Return to: Pastors Are Dying. Churches are Dying. You Are the One Killing Them.

   If you need to personalize this series, you have my permission, if not my understanding. Aintsobad gets a few hundred hits each day from various places around the world. It is not a small minded, small hearted kind of posting. If you need to personalize this or any other posting, you are speaking to your own need and not to my motivation.

The Church and Its Dire Need of Idol Breakers

   An iconoclast is a "smasher of idols," from the Late Greek compound eikon (icon) and clastes (breaker). The word made its way up through Middle Latin into the French language by the mid-1600's, when it was used to describe the work of reformers who removed religious icons from the church buildings and smashed them in the streets. They acted thus because the church sanctified the icons as idols, using them to enthrall the masses and empower the church at the expense of the people.

   Today, an iconoclast is one who criticizes popularly held beliefs or ideals. This eliminates most of us from the Iconoclastic Club.

   The church, in order to become the Church, will probably need  a few hundreds of thousands of iconoclasts. In every town and village, hamlet and river crossing, the church will need idol breakers.

   If not, the church might just settle in to wait for Doomsday. You know, the Final, Apocalyptic, Catastrophic Day of Condemnation, the Left Behind kind of end to blighted human history.

   Or, the church might yet smash its idols in the streets where the People-Who-Do-Not-Know-God can see the fractured pieces shoot across the pavement into the gutter and know the church cares more for their rotting souls than for its own respectability. Then, Doomsday might be the Validation Day, the Day of God's Delight, when the Resurrected Christ calls out the names of the scattered Church and amazes the nations with the names they did not know.

   It is appointed to man once to die and then the Judgment, which we take to be threat, but might really be better understood as God's special promise to judge us according to our whole body of work. That is, rather than take snap shots of our disappointment, God may yet amaze us by looking at each cel of every image and so find the places where we delight God in the secret places, so He, God can show them like any other proud parent.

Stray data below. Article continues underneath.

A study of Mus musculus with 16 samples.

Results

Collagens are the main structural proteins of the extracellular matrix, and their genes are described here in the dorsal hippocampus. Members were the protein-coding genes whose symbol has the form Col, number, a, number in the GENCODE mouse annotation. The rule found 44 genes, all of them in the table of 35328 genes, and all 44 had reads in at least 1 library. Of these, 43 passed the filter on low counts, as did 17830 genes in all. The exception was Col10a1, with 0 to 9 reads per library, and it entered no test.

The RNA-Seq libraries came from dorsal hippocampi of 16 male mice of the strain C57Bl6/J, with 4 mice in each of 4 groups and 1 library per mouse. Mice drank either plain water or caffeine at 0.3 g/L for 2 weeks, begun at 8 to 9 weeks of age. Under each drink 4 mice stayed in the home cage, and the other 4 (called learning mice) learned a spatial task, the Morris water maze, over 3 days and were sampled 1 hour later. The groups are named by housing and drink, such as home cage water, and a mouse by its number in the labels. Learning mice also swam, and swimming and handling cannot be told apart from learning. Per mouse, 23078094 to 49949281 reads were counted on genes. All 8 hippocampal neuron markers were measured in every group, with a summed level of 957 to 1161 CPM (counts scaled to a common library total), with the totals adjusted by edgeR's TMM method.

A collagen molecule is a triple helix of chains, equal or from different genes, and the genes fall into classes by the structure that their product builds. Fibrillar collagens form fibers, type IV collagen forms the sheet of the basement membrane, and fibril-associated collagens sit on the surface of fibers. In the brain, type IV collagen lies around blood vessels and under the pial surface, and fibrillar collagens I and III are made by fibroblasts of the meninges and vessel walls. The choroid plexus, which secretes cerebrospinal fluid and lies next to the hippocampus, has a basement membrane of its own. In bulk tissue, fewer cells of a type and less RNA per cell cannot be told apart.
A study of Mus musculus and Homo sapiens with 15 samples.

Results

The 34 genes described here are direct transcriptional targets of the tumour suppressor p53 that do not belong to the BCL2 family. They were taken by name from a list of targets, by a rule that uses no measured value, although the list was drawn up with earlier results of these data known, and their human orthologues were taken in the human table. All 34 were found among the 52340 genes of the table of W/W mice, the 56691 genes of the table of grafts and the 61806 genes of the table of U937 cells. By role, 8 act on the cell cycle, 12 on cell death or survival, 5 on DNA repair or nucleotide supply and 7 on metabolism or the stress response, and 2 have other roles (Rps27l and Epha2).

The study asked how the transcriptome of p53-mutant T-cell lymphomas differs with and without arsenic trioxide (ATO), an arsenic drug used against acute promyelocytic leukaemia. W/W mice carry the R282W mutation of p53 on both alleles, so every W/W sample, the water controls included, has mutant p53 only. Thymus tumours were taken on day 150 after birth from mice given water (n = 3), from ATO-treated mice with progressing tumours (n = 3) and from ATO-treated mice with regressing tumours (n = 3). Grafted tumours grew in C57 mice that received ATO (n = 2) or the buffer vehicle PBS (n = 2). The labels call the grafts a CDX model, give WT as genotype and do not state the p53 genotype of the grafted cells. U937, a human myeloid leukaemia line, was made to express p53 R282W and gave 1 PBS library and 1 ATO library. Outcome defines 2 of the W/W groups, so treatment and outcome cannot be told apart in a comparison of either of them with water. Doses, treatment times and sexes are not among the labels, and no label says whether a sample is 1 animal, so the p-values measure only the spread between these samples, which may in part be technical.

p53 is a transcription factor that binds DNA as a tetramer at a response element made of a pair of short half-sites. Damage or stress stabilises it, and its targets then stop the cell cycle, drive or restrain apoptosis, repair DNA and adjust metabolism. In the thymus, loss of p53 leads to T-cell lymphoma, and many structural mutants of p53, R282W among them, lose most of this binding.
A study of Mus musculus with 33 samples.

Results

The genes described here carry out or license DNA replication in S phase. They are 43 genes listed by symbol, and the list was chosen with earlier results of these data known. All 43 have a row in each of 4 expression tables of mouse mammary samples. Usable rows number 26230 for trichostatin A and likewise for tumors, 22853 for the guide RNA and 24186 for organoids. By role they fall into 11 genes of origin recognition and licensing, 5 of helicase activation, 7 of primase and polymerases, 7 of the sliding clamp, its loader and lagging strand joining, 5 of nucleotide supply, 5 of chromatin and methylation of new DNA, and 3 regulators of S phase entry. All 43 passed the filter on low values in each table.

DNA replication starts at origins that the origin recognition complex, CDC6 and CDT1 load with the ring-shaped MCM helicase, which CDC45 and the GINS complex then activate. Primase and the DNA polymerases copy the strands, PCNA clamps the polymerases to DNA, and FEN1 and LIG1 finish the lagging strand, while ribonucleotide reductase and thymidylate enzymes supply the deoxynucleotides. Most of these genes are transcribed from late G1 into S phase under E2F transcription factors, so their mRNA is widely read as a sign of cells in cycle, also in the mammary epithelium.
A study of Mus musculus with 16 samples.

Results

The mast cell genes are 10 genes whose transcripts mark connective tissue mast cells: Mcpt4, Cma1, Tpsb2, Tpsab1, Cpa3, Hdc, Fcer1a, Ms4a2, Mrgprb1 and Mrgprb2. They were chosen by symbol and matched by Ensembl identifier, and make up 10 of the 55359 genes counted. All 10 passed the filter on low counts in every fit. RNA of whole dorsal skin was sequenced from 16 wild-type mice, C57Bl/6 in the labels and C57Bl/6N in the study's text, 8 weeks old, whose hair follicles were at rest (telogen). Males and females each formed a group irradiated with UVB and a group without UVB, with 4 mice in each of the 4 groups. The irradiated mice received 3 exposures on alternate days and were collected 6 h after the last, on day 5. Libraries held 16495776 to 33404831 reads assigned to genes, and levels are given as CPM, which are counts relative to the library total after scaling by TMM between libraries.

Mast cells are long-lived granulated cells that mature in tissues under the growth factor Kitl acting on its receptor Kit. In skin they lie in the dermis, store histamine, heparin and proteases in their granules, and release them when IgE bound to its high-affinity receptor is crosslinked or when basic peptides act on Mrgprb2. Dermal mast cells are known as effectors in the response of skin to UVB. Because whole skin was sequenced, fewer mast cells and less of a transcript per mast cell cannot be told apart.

"Oh," God might say, "that is one of Davis when he was just 53. Man, they are so cute at that age. Look, he is just starting to lose his hair. See the pudge around his middle? Yeah, that's my little man, alright."

   Really, if you are eternal, how old is 55?

   The Church might roll around in the dewy clover to the delight of the Divine Being intent on scratching its belly.

   Or it might just stay the church and wait on the street corner, like the unemployed and the homeless, lost in their belief that history will end as it progresses, with the ins and the outs, and mostly outs.

   God bless the Church. God help the church.


4 thoughts on “Return to: Pastors Are Dying. Churches are Dying. You Are the One Killing Them.”

  1. I’m glad you got the server revived.
    We have our own Golden Calves these days.
    I pray that we have the courage to look beyond those idols. You know them. They include, but aren’t limited to:
    – “We’ve always done it this way.”
    – “Nope. Can’t. He’s divorced.”
    – “If we have church on Friday night, no one will come.”
    – “Sunday School is always before Worship.”
    – “We’ve got to start exactly at 11 and have the Preacher in the pulpit by 11:15 so that he can start the invitation before the TV goes to football.”
    You/we could think of a lot more of these idols. We get caught up in doing ‘church’ rather than growing the ‘church’.
    Remind me again why we are doing this?
    “But we’ve never done it that way before…”

  2. Rick,
    This is the very thing I have been trying to arrange, in just such a way in my own thinking so that it make sense to me, that I, as the Temple of God, and the Church as the Body of Christ, withal that that connote, so approach life from its forebearance, through its currency and into even its legacy that those worthy items of its forebearance be found in my great grandniece’s and nephew’s heritage while allowing them to be, as I, contemporary to their own generation.
    So I think I agree in general, but may repectfully disagree on some specifications…I just can’t quite tell.

  3. When I was at Howard Payne and Truett, I don’t remember anyone saying, “I feel called to manage religious people.” Yet, that is what the pastorate seems to be about.